AN inquiry has been launched by the government after widespread power cuts brought many trains to a stand, particularly in the London area. Tyne & Wear Metro was also disrupted by the widespread outages, on Friday afternoon.
The problems were caused by the failure of two generators according to National Grid, which has promised to ‘learn the lessons’ of an ‘incredibly rare event’.
Business secretary Andrea Leadsom is asking the Energy and Emergencies Executive Committee to carry out the inquiry, which will examine whether National Grid’s procedures are ‘fit for purpose’. An urgent, detailed report has also been demanded by the regulator Ofgem. A cyber-attack has already been ruled out.
Thameslink and Great Northern were among the lines on which trains came to a stand, and there are further questions after it emerged that Siemens-built Class 700 and Class 717 sets could not be restarted without the attention of a fitter, because computer systems could not be rebooted by the driver after a failure of the 25kV traction current. Some passengers left their trains and walked down the line as the delays lengthened. Govia Thameslink Railway said it is investigating. LNER was also badly affected, and London King’s Cross was evacuated. Other major stations left in darkness included Clapham Junction.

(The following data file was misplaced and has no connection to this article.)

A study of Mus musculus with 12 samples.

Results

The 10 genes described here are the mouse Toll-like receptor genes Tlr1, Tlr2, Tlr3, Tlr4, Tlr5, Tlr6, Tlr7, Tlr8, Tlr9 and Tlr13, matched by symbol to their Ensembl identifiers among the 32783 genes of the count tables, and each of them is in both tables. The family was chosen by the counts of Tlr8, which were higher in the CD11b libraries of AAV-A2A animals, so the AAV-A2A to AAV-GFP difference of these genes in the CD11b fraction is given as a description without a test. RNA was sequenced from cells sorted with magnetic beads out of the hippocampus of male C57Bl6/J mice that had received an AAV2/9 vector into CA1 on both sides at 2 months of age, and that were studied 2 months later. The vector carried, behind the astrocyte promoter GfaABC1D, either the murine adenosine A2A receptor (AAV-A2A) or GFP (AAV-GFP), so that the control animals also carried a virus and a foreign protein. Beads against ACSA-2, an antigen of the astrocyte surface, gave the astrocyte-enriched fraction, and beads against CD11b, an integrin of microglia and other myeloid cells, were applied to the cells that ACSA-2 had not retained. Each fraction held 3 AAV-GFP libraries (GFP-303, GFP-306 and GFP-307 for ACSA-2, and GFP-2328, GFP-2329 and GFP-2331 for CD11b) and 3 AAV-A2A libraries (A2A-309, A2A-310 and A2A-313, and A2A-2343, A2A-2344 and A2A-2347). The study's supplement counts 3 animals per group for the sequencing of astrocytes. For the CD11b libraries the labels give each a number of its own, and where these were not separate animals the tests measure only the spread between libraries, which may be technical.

The failures started at about 17.00, and affected most regions of England and Wales. A gas-fired power station at Little Barford in Bedfordshire failed at 16:58, followed two minutes later by the Hornsea offshore wind farm. After both generators had ceased to supply the grid, automatic equipment began disconnecting various areas in order to reduce the load on the network, preventing damage to transmission systems.
TSSA general secretary Manuel Cortes said: ‘We urgently need answers from the Government over this fiasco. Having our rail network brought to a standstill in this way is totally unacceptable. We’ve seen thousands of passengers stranded, unable to board trains and a number of cancellations. Others have been taken off trains and on to the tracks. We need to know why this occurred and the lessons to be learned.’